Black Money
Paramilitary policemen take off U.S. dollars strapped around a man's legs, at the border of Hong Kong and Shenzhen, Guangdong province, April 24, 2014. According to local media, the man was found trying to smuggle in total US$580,000 from the mainland to Hong Kong.Reuters

After wanting to cap cash transactions to Rs. 3 lakh and individual cash holding limit to Rs. 15 lakh, the Supreme Court-appointed special investigation team (SIT) on black money has now cast its net on dubious exporters.

Nearly 800 exporters are suspected to have hoarded their export proceeds abroad without bringing it back to India within the stipulated 1 year limit.

If the export proceeds are more than a year old, the SIT noted, it would amount to black money and bringing them back to India would mean attempt to launder it clean, said the investigators.

Nearly Rs. 100 crore in export earnings has been hoarded abroad by each of these exporters. In a few cases, money has been brought back to the country to be invested in Indian equity markets.

The Mint noted that such export proceeds stashed abroad were used to invest in the country through avenues like participatory notes, which form a part of foreign institutional investors (FIIs) investment into Indian equity market.

The act of bringing in this money and laundering it clean, investigators say is a violation of India's Foreign Exchange Management Act (FEMA). It therefore invites India's Enforcement Directorate (ED) to keep a tab on this economic crime.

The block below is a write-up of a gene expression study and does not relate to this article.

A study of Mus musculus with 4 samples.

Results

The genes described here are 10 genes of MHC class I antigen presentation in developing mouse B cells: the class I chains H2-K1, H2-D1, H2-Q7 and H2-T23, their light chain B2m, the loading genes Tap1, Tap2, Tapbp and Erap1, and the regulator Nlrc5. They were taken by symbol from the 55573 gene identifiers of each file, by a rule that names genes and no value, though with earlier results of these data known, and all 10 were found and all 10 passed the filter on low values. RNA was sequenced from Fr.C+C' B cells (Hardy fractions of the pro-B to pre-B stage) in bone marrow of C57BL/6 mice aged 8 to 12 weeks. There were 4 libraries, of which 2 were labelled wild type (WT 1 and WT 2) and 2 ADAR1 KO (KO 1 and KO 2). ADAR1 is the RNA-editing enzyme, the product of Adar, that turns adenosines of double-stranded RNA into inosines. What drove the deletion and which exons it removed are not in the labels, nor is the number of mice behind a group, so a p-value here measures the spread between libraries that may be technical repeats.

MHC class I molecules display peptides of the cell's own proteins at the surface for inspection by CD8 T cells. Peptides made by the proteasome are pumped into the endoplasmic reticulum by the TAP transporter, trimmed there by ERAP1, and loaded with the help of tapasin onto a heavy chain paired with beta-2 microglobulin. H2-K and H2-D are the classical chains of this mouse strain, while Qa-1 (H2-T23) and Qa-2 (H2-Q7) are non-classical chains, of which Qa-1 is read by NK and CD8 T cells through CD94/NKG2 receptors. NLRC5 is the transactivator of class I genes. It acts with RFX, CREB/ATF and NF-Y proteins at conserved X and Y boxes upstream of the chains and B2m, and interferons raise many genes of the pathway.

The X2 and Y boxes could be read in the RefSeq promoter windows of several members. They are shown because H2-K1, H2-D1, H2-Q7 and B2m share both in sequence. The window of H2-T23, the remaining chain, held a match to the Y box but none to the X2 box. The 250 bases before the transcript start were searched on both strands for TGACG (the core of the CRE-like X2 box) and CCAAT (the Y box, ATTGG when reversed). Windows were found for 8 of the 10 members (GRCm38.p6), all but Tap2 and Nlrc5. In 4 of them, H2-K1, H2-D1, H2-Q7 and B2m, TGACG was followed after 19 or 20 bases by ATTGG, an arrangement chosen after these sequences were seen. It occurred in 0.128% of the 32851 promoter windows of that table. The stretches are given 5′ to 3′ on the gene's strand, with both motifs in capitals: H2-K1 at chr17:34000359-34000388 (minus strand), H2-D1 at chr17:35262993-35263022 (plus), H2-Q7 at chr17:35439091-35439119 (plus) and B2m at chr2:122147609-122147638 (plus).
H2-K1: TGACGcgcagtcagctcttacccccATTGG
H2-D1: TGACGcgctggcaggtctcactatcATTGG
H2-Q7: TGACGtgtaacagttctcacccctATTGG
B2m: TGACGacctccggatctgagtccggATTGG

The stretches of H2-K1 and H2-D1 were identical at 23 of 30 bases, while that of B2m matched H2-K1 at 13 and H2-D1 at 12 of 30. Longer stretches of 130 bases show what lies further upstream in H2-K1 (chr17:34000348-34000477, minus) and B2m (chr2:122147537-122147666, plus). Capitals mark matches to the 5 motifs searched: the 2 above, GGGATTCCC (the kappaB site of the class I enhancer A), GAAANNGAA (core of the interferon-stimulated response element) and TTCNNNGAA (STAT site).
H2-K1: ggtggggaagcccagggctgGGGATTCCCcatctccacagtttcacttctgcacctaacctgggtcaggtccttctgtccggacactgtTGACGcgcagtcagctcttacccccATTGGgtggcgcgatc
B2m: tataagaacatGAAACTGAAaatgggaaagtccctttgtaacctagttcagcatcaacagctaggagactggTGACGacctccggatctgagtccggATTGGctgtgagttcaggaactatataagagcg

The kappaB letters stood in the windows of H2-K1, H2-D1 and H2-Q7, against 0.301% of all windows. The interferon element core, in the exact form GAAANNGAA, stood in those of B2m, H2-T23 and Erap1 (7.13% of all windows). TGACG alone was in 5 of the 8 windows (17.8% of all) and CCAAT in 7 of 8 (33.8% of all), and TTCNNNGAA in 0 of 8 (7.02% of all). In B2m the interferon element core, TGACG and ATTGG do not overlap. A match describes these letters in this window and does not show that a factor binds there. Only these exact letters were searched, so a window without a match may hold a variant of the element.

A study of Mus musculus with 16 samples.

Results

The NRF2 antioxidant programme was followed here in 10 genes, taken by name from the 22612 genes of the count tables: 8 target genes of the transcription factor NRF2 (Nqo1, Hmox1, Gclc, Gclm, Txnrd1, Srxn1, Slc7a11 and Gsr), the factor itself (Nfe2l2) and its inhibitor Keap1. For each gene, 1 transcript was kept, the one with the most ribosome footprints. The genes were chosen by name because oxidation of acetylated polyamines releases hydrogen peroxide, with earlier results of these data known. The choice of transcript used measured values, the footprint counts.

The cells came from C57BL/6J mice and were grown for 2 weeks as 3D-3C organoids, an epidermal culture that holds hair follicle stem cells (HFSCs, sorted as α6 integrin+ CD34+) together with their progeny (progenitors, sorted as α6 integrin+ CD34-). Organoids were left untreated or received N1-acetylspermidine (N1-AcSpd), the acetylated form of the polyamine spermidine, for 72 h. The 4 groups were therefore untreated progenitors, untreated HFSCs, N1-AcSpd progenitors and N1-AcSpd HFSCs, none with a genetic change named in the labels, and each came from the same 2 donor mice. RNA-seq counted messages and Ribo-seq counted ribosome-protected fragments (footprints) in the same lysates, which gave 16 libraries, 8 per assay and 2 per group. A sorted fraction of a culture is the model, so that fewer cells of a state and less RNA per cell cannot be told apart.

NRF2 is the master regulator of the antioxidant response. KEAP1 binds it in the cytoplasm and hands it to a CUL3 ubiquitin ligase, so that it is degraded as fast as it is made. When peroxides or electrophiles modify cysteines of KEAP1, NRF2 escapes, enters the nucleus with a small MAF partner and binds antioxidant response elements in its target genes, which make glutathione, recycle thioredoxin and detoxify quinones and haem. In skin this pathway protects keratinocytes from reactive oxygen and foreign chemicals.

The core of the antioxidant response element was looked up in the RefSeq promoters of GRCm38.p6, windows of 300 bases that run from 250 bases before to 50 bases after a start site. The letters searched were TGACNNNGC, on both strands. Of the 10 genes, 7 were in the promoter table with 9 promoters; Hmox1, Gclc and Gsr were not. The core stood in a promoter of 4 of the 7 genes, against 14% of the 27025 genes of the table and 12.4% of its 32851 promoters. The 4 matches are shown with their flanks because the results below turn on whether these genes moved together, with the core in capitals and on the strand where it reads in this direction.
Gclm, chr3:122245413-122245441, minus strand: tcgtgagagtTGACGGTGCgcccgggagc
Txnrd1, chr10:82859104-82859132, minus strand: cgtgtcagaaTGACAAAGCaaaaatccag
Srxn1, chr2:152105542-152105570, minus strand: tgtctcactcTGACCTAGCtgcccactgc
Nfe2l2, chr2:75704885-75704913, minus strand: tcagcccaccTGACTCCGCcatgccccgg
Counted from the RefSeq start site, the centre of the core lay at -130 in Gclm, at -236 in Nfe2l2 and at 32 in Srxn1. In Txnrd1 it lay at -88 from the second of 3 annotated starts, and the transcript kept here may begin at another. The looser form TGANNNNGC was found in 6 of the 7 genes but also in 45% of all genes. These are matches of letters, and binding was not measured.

Reserve Bank of India (RBI), which looks into country's macro data such as export-import, has been asked to create a warning system that could identify such cases to ED and the directorate of revenue intelligence (DRI) soon after the expiry within a year.

DRI is expected to scrutinize the accounts of these defaulters, who not only hold back export earnings overseas, but also claim refund on taxes paid on inputs to the exported goods under India's duty drawback schemes. This amounts to cheating India's rightful gains twice.

Ajai Sahai, the CEO of Federation of Indian Exports Organization (FIEO), told Mint that not all default was illicit. Liquidity shortage in some international markets could prompt "Indian exporters holding back their exports against an advance or a letter of credit," without realizing their payments, he added.